Check out the cool water and views at Pagat Cave

Check out the cool water and views at Pagat Cave

by Debbie Smith
Stripes Guam

Boonie stomping on Guam is a favorite pastime for folks who enjoy the outdoors. Known for its refreshing underground swimming hole, Pagat Cave should be on any hiker’s list of must-do accomplishments.

The most difficult part of the hike to Pagat Cave is finding the trailhead. Approximately 6.1 miles from Ladera Towers in Mangilao, the entrance is on the right with room for parking on the left. After carefully crossing the busy road, the trail passes what sadly has become a dumping ground of car parts and worn out appliances.

Shortly after the junkyard-like grounds, the trail clears as you start to descend the 400-yard slope under a blanket of trees. The trail changes dramatically at one point to a steep grade of limestone cliffs. The cave is on the left at the bottom of the cliffs. However, most hikers, choosing to save the best for last, continue on to the scenic coastline.

Along the way, keep your eye out for several “lusongs,” or ancient Chamorro grinding stones, as well as some latte ruins. The area is the site of a Chamorro village which is thought to date back to the 17th century. Once you reach the coastline, rest on the rocks and take in the awesome views of the Pacific waves crashing onshore. When the water is calm, some bold (or dumb) hikers will jump from the cliffs.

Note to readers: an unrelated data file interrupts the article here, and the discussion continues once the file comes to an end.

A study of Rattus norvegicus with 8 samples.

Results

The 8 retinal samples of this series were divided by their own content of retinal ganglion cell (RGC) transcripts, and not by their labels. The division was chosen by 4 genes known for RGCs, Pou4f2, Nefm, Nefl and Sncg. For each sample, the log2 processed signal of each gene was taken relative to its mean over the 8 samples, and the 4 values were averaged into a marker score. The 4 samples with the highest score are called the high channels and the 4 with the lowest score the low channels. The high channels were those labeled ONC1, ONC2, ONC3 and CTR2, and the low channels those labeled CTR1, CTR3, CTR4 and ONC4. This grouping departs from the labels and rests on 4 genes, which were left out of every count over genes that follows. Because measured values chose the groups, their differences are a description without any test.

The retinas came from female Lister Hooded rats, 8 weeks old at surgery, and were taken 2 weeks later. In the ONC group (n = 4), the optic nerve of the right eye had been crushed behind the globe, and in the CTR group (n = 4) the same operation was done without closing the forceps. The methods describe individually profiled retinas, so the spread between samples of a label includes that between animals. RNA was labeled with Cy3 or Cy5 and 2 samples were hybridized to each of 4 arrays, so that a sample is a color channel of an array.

Anticipation of the cool waters of the cave mounts on the way back to Pagat Cave. Once inside, hikers descend a small hill to reach the first shallow pool. A short, narrow walk through waist-high water leads into a large, dark cave with refreshing, clear water. The middle is deep, but there is plenty of room to sit or stand on the rocks. Bring candles, lighters or flashlights to see in the dark.

Enjoy the cool oasis from the hot tropical sun for a while, but remember that there is another climb back up the cliff.

The trail is well marked by trees attached with pink ties. Hikers should expect a three-hour trek. Hiking guides rate the route as medium on the difficulty scale. Make sure you take along plenty of water, swimsuits, water shoes, sunscreen, and a hat. Gloves are also recommended for the hike. Then experience another testimony to the beauty of Guam.